Mainstream media challenge decision to protect FTX customers: Report

The four major media outlets advocating for the release of FTX customer names have opposed the decision to seal them. Meanwhile, a crypto lawyer told Cointelegraph that “there is clear evidence” of potential harm if the names were to be disclosed.

According to a June 23 Reuters report, Bloomberg, Dow Jones & Company, The New York Times, and the Financial Times have appealed Judge Dorsey’s decision to seal the names of FTX customers from the public.

The decision to allow FTX to “permanently redact” the names of individual customers from all court filings was made by Dorsey on June 9, for the safety of the customers, declaring that they are the “most important issue in this case.”

However, legal representatives for the media organizations have reportedly challenged this in a June 22 court filing, arguing that FTX is not entitled to a “novel and sweeping exception” to bankruptcy disclosure requirements simply because its “customers used cryptocurrency.”

The media outlets have stood by the fact that bankrupt companies are usually obligated to disclose the names and amounts owed to their creditors.

Despite this, Dorsey made the decision to keep the names sealed stating that he wants to ensure that customers “don’t fall victim to any scams.”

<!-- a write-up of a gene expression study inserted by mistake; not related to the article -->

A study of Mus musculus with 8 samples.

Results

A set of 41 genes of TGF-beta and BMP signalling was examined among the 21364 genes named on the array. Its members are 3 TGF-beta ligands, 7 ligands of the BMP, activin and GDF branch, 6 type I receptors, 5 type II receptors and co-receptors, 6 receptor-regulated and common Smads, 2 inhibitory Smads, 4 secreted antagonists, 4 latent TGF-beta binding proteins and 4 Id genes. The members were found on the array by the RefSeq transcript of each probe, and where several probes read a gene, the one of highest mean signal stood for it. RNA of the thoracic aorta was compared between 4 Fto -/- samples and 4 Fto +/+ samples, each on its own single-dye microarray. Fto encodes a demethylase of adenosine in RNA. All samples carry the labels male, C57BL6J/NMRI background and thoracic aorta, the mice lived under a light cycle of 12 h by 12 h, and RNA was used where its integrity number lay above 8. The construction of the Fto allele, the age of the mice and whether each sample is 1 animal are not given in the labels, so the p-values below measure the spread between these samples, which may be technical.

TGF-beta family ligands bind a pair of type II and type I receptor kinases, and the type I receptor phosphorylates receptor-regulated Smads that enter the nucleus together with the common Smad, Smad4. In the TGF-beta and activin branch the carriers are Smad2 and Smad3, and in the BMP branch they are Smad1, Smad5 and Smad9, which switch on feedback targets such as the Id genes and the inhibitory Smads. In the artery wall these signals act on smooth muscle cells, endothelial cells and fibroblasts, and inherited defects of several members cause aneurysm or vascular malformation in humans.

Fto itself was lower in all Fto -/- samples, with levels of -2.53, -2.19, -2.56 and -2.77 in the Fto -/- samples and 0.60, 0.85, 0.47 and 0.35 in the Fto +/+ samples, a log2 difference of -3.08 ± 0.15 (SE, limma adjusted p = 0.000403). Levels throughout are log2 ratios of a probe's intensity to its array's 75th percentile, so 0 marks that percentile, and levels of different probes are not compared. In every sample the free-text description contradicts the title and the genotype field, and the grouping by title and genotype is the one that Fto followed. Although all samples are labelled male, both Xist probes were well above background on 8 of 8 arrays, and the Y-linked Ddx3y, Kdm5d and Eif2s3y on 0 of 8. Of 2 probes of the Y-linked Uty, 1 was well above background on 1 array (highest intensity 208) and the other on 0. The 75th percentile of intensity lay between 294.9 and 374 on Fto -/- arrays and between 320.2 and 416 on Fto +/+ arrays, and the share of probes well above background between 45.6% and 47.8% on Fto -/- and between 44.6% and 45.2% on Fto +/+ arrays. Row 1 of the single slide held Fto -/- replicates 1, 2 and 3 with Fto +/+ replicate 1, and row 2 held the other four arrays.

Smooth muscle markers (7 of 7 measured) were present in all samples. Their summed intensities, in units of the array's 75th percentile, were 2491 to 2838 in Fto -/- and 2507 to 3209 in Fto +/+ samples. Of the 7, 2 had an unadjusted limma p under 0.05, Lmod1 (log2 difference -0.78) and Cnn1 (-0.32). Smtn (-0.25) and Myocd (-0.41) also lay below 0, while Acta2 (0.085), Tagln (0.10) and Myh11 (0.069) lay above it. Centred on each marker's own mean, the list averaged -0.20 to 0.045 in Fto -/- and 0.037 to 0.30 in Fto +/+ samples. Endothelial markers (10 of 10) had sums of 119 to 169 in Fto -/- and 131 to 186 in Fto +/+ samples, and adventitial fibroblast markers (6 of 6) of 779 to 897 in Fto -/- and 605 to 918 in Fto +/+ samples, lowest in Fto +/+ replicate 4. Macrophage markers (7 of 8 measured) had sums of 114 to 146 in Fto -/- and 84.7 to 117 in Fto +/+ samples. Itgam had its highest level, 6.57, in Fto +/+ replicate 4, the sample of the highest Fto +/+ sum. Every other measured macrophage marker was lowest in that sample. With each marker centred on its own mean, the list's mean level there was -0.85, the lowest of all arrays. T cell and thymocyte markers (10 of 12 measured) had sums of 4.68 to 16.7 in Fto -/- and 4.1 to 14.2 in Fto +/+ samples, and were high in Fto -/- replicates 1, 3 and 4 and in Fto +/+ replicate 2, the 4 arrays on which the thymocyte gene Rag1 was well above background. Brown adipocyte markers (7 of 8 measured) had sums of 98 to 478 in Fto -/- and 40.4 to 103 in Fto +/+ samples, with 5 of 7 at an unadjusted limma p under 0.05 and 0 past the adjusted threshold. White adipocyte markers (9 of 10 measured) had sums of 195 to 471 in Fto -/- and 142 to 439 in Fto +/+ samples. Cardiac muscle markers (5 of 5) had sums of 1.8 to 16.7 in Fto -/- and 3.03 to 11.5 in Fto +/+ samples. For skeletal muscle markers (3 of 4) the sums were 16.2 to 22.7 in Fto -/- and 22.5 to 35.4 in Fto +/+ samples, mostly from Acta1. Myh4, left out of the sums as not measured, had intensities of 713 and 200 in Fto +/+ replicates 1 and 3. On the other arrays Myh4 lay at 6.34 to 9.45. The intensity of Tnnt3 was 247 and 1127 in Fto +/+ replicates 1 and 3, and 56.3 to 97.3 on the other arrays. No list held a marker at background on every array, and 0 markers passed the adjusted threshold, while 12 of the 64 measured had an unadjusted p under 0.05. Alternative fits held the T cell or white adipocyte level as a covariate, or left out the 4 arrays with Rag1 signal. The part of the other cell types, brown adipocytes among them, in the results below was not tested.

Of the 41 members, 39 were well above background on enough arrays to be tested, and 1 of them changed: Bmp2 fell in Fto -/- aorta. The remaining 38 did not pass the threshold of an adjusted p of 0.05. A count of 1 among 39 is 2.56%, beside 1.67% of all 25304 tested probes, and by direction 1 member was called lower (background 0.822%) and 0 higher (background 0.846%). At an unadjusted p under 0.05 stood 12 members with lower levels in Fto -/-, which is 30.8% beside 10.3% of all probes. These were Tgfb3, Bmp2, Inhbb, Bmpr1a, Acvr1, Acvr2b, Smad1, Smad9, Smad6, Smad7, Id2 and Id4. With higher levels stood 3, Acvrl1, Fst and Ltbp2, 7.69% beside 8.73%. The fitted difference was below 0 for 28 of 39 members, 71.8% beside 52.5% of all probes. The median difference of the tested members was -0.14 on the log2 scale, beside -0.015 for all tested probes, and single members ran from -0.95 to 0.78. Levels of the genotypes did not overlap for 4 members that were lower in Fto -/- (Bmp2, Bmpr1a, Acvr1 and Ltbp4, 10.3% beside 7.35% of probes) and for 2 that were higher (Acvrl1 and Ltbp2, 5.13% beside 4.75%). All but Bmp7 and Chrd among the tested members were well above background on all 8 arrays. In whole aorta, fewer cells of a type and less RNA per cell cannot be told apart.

This is in line with the exception in U.S. bankruptcy law that addresses the potential risk of harm by disclosure.

It is not the first time the media outlets have objected to the names of FTX customers being sealed, having previously filed an objection on May 3.

In the earlier filing it was argued that revealing the names wouldn’t subject creditors to “undue risk” as well as contending that the list does not qualify as “confidential commercial information.”

Related: FTX seeks to claw $700M from Bankman-Fried friends and affiliated funds

Speaking to Cointelegraph, Dubai-based crypto lawyer Irina Heaver said she applauds the wisdom behind the Dorsey’s ruling “in allowing FTX to keep customer names confidential.”

“This appeal by media organizations seems to completely overlook the unique risks faced by the individuals if their identities are revealed” Heaver stated.

“This is not a hypothetical concern, there is clear evidence of the harm that can be caused by such disclosure. With 9 million users, the potential for widespread financial and personal damage is colossal.”

Heaver pointed at the “Celsius case” as an example, which led to “a surge in phishing attacks” in July 2022.

Celsius depositors received a warning email after the company disclosed that certain customer data had been compromised, which occurred due to an internal employee leaking a list of emails to a third-party bad actor.

Magazine: Can you trust crypto exchanges after the collapse of FTX?